Summoning Pearl Harbor is a mesmerizing display of linguistic force that redefines remembering. How do words make the past appear? In what way does the historian summon bygone events? What is this kind of remembering, and for whom do we recall the dead, or the past?
In this highly original meditation on the past, renowned art historian Alexander Nemerov delves into what it means to recall a significant event—Pearl Harbor—and how descriptions of images can summon it back to life. Beginning with the photo album of a former Japanese kamikaze pilot, which is reproduced in this volume, Nemerov transports the reader into a different world through his engagement with the photographs and the construction of a narrative around them.
Through its lyrical prose, Summoning Pearl Harbor expands what we traditionally associate with ekphrastic writing. The kind of writing that can enliven a work of art is also the kind of writing that makes the past appear in vivid color and deep feeling. In the end, this timely piece of writing opens onto fundamental questions about how we communicate with each other, and how the past continues to live in our collective consciousness, not merely as facts but as stories that shape us. Here, Nemerov’s constant awareness of the power of language to make an experience—seen or remembered—become real reminds us that great ekphrastic writing is at the heart of every effective description.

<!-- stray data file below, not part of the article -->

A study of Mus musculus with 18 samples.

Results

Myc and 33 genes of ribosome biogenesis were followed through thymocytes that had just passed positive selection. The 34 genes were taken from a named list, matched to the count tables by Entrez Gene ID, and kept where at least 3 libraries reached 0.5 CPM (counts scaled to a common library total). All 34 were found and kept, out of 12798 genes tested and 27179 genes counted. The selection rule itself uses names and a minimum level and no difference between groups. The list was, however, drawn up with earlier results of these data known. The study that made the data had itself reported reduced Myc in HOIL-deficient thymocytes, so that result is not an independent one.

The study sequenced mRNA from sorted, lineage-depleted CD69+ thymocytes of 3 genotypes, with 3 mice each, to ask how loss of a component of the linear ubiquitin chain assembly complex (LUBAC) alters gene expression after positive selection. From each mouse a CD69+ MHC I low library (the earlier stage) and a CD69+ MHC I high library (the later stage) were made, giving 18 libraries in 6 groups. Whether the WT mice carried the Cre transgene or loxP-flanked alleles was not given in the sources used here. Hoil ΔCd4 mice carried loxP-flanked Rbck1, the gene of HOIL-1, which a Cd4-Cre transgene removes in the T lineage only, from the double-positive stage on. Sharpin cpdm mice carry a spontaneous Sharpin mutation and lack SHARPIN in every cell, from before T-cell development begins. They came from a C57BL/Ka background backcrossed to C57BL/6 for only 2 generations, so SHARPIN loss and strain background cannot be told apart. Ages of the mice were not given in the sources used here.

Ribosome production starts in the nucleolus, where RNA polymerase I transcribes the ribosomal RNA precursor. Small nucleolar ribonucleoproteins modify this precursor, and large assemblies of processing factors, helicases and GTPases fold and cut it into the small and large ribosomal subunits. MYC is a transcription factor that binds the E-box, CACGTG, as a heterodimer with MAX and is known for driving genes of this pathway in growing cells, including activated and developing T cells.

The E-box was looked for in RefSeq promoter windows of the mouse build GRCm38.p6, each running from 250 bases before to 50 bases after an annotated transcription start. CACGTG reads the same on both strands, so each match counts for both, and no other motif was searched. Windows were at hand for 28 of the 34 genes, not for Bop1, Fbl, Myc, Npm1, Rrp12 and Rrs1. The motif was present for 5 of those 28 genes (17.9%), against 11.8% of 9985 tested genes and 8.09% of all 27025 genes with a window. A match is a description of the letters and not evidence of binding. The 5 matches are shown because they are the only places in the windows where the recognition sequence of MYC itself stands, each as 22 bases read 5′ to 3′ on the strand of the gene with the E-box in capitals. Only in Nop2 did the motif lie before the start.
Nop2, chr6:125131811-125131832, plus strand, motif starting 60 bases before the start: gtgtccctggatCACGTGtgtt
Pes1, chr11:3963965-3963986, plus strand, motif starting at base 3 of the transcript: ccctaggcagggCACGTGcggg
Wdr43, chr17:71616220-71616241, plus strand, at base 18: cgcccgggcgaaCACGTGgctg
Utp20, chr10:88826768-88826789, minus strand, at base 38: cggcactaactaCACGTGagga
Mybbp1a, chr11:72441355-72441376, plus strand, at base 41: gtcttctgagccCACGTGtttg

“Summoning Pearl Harbor is a slim, unique work by the renowned art historian Alexander Nemerov that delves into what it means to recall a significant event—Pearl Harbor—and redefines remembering in the process… Nemerov raises fundamental questions about how we communicate with each other, and how the past continues in our collective consciousness, not merely as facts but as stories that shape us.”
– Editors, The Paris Review
“The books in the series seem designed to slip into your back pocket - slim, spartan, and compact, sporting uniform covers consisting solely of typeface in black or white, with a matching horizontal bar across the top, against a solid color.”